Lost in the Movies: The Hidden Fortress

The Hidden Fortress


The Story: A samurai general guards and transports his clan’s gold and princess across enemy territory, departing from a hidden fortress in the desert mountains. Along the way there are spear duels, close escapes, pursuits through the forest mists, scrapes with the executioner, and even a paganistic wood-burning ritual around a giant bonfire. The story is told largely from the perspective of two pathetic and bickering peasants who accompany the general and the princess on their journey.

The French director Jean-Luc Godard, a notorious iconoclast and subversive filmmaker, once said (perhaps ironically) that all you needed to make a picture was "a girl and a gun." In a sense, Kurosawa's Hidden Fortress has both, albeit in unusual forms. Instead of a gun we get swords - and for the most important battles, long spears - while the girl, hardly a passive damsel in distress, is a spunky and crafty heroine, a spitfire through and through. If the description sounds condescending, that's only appropriate. Princess Yuki (Misa Uehara) can be as irritating as inspiring, her tomboyish stubbornness both a sign of immaturity and immense vitality. Her heartbreaking appeal lies in the simultaneous frustration, admiration, and poignance evoked by her fierce energy and emotional nakedness (whether it's her anger, irritation, or sorrow which is exposed at the moment).

The film's more conventional hero, General Rokurota Makabe (Toshiro Mifune) is certainly admirable, and displays a robust sense of humor (Mifune's blustering trademark) lest his heroics become too stiff. But Yuri and especially the focus on the viewpoint of bumbling farmers Matashichi (Kamatari Fujiwara) and Tahei (Minoru Chiaki) ensure that Kurosawa's classic adventure remains surprising and refreshing despite drawing on mythic archetypes and Japanese feudal history. Critic David Ehrenstein called the focus on the two lowly (and remarkably petty, whiney, and greedy) peasants Kurosawa's "worm's eye view"; yes, we laugh at them, but we also see this remarkable epic largely through their eyes.

The Hidden Fortress is thus as fresh as it is stirring; as modern as it is old-fashioned - it can't help but be immensely satisfying. The film is alternately funny (several instances of reverse psychology, hammed up with Mifune's forghright bravado), moving (the weirdly intense juxtaposition of Nuri's tears with her lost country's flag amplifies the mostly neglected patriotism to a throbbing predominance for a few moments), and even sexy (despite her tomboy getup, or perhaps because of her assertiveness and defensive skill, Nuri is irresistably enticing - one of the great heroines of adventure genre history). The dance around the bonfire is a wonderful set piece, but also almost a throwaway - Kurosawa's got great sequences to burn (no pun intended).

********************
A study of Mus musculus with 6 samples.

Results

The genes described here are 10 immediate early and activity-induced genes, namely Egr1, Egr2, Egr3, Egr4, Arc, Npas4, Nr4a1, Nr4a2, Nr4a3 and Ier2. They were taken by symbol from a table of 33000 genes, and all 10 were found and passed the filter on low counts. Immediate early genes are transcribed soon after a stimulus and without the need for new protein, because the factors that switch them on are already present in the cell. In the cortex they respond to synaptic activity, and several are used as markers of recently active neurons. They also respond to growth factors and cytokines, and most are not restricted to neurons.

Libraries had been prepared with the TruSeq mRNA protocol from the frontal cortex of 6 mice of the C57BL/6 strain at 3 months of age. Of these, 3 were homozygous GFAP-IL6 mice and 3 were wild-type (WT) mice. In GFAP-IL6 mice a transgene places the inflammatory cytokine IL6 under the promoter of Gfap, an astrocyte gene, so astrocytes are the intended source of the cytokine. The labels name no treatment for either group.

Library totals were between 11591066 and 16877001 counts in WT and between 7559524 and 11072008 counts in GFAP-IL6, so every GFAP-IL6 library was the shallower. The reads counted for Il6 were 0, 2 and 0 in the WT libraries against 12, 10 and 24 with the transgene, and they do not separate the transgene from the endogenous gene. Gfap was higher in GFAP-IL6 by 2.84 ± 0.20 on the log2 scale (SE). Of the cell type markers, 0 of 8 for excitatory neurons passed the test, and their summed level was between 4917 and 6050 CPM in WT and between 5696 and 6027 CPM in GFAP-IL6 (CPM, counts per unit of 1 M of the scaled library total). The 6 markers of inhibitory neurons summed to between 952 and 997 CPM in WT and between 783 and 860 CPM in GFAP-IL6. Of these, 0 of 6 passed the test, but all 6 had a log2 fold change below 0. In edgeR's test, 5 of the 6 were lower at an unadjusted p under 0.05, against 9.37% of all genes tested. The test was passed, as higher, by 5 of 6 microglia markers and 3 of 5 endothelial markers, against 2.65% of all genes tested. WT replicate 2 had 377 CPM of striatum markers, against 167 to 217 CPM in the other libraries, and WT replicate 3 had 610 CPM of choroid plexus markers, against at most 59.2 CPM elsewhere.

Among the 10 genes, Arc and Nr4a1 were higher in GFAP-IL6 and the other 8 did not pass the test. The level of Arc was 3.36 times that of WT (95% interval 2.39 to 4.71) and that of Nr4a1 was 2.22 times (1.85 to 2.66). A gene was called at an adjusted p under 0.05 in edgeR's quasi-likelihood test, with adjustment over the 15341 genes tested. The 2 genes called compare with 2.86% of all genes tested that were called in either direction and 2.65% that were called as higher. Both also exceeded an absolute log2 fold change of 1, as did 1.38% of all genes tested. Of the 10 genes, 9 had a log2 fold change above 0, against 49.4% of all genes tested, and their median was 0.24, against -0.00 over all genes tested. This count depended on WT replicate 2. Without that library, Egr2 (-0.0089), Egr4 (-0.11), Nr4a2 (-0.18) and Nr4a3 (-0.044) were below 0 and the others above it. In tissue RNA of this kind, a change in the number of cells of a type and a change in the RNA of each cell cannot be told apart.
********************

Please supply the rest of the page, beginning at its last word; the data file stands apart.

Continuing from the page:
The film is perhaps most widely famous (and has been for thirty years) as the inspiration for George Lucas' Star Wars. Certainly the peasants, especially in the first scene, recall (or rather, foreshadow) Lucas' robots in the 1977 classic, while the princess-disguised-as-a-commoner is limply and lamely echoed in the 1999 prequel The Phantom Menace. However, Lucas only took bits and pieces of the plot when crafting Star Wars' storyline. Actually, the greatest influence of The Hidden Fortress on Lucas' film (as well as on other modern blockbusters like Raiders of the Lost Ark) is not in any specific plot detail but in the overall feel of the movie: an epic that can be funny and dramatic from moment to moment, in which the characters are sharply drawn, the themes larger than life but - and this is crucial - the details idiosyncratic and illuminating.

Sadly, these touches have been lost in an epoch when blockbusters favor doom and gloom over exuberance and ebullience, painting in broad strokes for vague effect rather than filling in absorbing details on an epic canvas. Anyway, The Hidden Fortress is best appreciated not as the progenitor of big Hollywood adventures nor as the representative of a lost enthusiasm and clarity in cinema, but rather as a wonderful entertainment on its own terms. It does not have the universality of a Star Wars, in which historical specificities and genre conventions are displaced and cross-referenced in a new and unfamiliar context - but it has a purity which is just as thrilling, if not more so.

Looking at it, one feels like the heroes must when gazing across the welcoming plains of their homeland, captured with crystal clarity by Kurosawa's lens -  it just seems so right, so rich, so immensely satisfying, much like the perfectly composed triumvirate whom the peasants grovel before at film's end. A girl, a gun, a samurai, a sword...it doesn't matter what a director utilizes when his work feels this good.

This review was originally published at the Boston Examiner. Comments appeared on Wonders in the Dark, where the piece was linked in the summer of 2009.